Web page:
As corporate mergers, acquisitions and capital practices have slowed in Texas the past few months, the focus on business bankruptcies and restructurings has returned. And the Texas offices of Sidley Austin have made one of the first big lateral moves.
Rakhee Patel confirmed Tuesday that she has left Winstead after seven years as a shareholder and joined Sidley this week as a partner in the firm’s Dallas office.
The timing could not be better for Sidley.
“There definitely has been an uptick in bankruptcy filings in Texas, New York and Delaware,” Patel told The Texas Lawbook in an interview Tuesday. “The Southern District of Texas is one of the busiest bankruptcy dockets in the country.”
A former law clerk to two federal bankruptcy judges and a 1996 graduate of the Tulane University School of Law, Patel was one of the youngest lawyers ever inducted as a Fellow in the American College of Bankruptcy. She is the 131st lawyer to join Sidley’s Dallas office. The firm now has about 250 attorneys in Dallas and Houston.
“We have been investing as a firm in the bankruptcy and restructuring practice with new partner hires in New York and London and now with Rakhee here in Texas,” said Yvette Ostolaza, chair of Sidley’s management committee and a partner in Dallas. “Texas has become a destination for large corporate restructurings.”
Ostolaza said lawyers at Sidley reached out to Patel because of her extraordinary reputation and 26 years of experience in bankruptcy and restructurings.
“It was clear to me that joining Sidley is an opportunity to join a great group of lawyers who I had come to know both through our work on matters together but also gotten to know them as friends,” Patel said. “The culture at Sidley is so supportive of diversity.”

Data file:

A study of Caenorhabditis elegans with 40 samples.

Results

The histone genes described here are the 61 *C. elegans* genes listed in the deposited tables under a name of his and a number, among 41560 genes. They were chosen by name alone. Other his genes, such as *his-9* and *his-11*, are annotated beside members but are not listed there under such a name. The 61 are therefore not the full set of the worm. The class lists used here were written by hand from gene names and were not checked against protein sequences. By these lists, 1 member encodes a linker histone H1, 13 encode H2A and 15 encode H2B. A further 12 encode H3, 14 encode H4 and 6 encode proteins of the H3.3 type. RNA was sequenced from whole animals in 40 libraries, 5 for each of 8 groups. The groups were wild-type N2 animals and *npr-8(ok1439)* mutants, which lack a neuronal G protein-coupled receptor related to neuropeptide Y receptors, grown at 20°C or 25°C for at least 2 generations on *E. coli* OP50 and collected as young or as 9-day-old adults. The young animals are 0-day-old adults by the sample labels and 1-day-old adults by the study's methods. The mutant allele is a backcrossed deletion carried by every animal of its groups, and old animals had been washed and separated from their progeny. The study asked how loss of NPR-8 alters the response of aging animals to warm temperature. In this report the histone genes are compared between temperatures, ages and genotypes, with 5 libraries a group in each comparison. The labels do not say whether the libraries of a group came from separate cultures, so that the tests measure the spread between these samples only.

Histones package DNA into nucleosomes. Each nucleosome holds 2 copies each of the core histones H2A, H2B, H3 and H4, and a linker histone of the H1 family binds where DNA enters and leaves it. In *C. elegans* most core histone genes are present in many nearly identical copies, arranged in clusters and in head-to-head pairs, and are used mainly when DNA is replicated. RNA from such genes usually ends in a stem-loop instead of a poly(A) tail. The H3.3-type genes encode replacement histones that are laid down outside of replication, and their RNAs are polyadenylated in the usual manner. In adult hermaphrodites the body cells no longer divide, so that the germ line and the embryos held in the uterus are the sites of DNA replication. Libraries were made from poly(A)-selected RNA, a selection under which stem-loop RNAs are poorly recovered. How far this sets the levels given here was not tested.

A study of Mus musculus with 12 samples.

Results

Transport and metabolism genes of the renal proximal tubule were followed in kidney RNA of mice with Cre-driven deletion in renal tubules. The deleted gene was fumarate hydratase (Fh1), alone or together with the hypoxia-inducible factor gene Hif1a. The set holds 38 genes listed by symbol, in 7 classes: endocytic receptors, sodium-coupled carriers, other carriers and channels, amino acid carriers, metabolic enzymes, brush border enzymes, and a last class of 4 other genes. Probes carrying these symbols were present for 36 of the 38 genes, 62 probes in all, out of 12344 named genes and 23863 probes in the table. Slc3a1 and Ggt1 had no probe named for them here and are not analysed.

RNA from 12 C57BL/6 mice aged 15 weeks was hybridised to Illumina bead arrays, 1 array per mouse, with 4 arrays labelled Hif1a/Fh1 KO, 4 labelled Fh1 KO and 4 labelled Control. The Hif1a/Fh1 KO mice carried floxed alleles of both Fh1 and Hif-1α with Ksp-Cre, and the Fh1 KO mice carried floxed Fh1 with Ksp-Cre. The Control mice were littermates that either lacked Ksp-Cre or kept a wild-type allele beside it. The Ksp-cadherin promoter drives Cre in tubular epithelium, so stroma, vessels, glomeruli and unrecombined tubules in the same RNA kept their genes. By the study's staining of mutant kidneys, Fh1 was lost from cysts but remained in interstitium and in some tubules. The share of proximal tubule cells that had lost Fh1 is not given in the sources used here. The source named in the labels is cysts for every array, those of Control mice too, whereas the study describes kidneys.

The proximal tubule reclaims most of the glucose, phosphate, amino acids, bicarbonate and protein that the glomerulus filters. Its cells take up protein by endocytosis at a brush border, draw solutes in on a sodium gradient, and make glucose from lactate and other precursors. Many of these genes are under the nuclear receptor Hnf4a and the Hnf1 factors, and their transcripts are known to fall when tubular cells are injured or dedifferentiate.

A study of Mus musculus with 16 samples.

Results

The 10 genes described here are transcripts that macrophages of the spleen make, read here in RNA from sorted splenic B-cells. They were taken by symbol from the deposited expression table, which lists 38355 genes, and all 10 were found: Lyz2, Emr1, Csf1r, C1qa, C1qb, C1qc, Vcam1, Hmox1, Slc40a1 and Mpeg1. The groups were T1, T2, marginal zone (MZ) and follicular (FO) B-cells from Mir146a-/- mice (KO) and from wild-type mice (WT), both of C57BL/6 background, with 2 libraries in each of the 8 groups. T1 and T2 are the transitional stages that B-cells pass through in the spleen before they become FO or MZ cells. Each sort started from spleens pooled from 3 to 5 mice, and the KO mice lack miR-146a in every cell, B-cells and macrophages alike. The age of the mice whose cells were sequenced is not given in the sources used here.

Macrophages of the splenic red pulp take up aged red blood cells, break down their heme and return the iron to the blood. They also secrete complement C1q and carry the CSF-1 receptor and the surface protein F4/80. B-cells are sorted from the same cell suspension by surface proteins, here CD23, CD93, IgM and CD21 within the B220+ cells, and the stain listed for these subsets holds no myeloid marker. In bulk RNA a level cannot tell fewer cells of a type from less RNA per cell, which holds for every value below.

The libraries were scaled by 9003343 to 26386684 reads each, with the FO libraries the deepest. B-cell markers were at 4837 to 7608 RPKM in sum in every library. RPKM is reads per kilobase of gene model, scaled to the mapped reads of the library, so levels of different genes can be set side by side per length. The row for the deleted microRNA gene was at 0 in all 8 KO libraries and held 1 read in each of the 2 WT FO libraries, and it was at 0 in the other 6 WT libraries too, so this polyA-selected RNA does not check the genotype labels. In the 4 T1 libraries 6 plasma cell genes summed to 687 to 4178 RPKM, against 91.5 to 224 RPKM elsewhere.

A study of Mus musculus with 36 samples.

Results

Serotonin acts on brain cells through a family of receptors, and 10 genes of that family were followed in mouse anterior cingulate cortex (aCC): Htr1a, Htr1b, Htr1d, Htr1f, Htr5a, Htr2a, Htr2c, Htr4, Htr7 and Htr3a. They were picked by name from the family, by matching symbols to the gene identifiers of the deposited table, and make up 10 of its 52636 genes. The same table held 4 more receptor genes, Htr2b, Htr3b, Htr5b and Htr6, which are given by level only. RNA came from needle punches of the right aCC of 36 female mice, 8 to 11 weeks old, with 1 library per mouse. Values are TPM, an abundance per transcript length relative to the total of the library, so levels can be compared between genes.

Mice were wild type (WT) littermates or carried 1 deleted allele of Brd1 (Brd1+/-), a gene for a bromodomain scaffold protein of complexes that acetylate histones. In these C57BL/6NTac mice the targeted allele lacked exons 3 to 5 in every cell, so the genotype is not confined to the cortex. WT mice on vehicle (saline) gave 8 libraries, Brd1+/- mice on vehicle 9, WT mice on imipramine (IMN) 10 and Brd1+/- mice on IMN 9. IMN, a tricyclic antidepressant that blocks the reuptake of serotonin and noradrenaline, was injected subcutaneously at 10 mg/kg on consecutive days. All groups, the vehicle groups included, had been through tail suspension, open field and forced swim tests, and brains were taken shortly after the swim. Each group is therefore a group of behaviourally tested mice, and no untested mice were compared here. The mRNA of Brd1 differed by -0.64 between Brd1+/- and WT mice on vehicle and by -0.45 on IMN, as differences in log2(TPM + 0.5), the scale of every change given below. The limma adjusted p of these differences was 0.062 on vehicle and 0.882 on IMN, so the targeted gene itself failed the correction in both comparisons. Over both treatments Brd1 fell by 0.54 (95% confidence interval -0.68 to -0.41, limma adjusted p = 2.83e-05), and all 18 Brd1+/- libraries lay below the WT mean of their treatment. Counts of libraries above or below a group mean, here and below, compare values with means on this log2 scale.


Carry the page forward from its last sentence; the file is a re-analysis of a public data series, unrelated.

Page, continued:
Sidley partner Angela Zambrano, who co-leads the firm’s Dallas office, said the addition of Patel to current Sidley bankruptcy partners in Texas, including Duston McFaul and Charles Persons, gives the firm depth to handle some of the largest and most complex restructurings.
“Rakhee’s reputation with bankruptcy judges is in the highest regard and her knowledge from debtor representations to creditors or lenders and ad hoc committees will bolster our reach as we continue to grow our restructuring practice,” Ostolaza said.
Bankruptcy experts said Tuesday that Patel’s move to Sidley will give the global law firm much needed depth in Texas and thus make the firm more competitive in the battle to represent debtors in restructuring. And they said Patel’s practice will benefit because Sidley provides her with a much broader platform and a larger clientele base.
“We’ve been seeing a lot of activity in cryptocurrency and crypto-related space,” Patel said. “With higher interest rates, the dollar weakening [and] the bond market crazy, it has all the markings for a broad base increase in the demand for corporate restructurings.”
Sidley has more than 2,300 lawyers in 21 offices worldwide with annual revenues approaching $3 billion.